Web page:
Section 41 Of Companies Act 2013: Global Depository Receipt

Updated: Oct 18, 2022

an image of section 41 of companies act 2013
Global Depository Receipt as under Section 41

What is a Depository Receipt?

A depository receipt is an instrument that is denominated in a foreign currency. It is issued by a foreign depository to a domestic administrator and is listed on an international exchange. A Global Depository Receipt ('GDR') is an instrument in the form of a depository receipt generated by a foreign depository outside India and authorized by a firm issuing such depository receipts, according to Section 2(44) of the Companies Act, 2013. Essentially, it provides Indian enterprises with greater access to overseas finances via GDRs by allowing them to raise cash in foreign currencies that are listed and traded on international exchanges.

The 2013 Companies Act introduces the new section of global depository receipts which enables issuance of depository receipts in any foreign country subject to certain conditions. At present the provisions of section 81 of the 1956 Companies Act are in place, they relate to further issue of shares which are being used in conjunction with the requirements mandated by SEBI for the issuance of depository receipts. Through section 41, the companies act 2013 maintains the trend of it supplementing the powers of SEBI by incorporating requirements that have already been mandated by SEBI.

To be clearly understood here we will refer to Section 2(44) which defines the concept of “Global Depository Receipt” as any instrument in the form of a depository receipt, by whatever name called, created by a foreign depository outside India and authorized by a company making an issue of such depository receipts;

Section 41 of the Companies Act 2013

“A company may, after passing a special resolution in its general meeting, issue depository receipts in any foreign country in such manner, and subject to such conditions, as may be prescribed.”

Issuance of Global Depository Receipt

i. Equity shares are issued by Indian companies to a depository bank oversees via a national or domestic custodian bank.

ii. The custodian domestic bank now acting as an agent of the depository bank which is oversees keeps in its custody the equity shares.

iii. Global Deposit repositories are then issued in thee form of foreign currency by the overseas depository bank.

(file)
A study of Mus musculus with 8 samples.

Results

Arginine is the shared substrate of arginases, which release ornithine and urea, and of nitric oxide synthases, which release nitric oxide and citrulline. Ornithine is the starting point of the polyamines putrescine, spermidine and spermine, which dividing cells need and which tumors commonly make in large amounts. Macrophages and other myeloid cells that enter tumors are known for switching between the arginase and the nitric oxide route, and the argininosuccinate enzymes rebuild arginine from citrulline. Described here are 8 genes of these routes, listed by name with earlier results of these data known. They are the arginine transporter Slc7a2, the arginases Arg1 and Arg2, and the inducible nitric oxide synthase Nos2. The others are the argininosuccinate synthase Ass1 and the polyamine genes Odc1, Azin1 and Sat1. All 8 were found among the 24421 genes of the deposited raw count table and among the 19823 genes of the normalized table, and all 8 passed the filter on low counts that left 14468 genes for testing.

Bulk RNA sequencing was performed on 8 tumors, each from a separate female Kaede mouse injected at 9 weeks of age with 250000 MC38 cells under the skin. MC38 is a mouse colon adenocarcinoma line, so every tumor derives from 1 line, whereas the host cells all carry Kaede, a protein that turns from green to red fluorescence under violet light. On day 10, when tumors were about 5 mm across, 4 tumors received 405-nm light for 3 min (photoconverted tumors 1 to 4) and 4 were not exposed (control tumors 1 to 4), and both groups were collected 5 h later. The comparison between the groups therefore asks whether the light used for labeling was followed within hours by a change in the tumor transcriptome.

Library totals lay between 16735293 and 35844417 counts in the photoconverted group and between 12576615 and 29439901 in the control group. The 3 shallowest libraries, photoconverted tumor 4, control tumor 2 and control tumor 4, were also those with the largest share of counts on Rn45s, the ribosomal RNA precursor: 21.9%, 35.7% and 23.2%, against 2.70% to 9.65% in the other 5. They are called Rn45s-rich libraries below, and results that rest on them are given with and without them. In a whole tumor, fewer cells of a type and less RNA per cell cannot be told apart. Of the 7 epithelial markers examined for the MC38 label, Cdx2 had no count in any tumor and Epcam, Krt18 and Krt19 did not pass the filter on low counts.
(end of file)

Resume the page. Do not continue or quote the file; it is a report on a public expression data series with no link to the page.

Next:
Features of Global Depository Receipt

1. Voting rights are held by the foreign depository associated with the permitted securities.

2. Under the Securities Contracts (Regulations) Rules 1957, the shares of a company that are underlying the depository receipts become part of the company's public shareholding, and the depository receipts are listed on an international exchange.

3. Other than in the instances indicated in sub-paragraph 2, shares of the company underlying depository receipts should not be included in the total shareholding or the public ownership when calculating the business's public shareholding.

4. Holders of depository receipts based on a company's equity shares are subject to the same obligations as holders of the underlying equity shares.

Amendments to the Global Depository Receipt Rules

The Central government through a notification dated 13th February 2020, the new amended rules will now be called Companies (Issue of Global Depository Receipts) Amendment Rules 2020 instead of Companies (Issue of Global Depository Receipts) Rules, 2014. The notification has introduced minor insertions in the old rules namely-

1.The depository receipts can now be issued as a private or a public offering and can also be issued in any legal manner that can be traded in the trading platform of that country’s jurisdiction.

2.Payment or considerations of the proceeds of the depository receipts may be made to an International Financial Services Centre Banking Unit and funds should be utilized as per RBI instructions.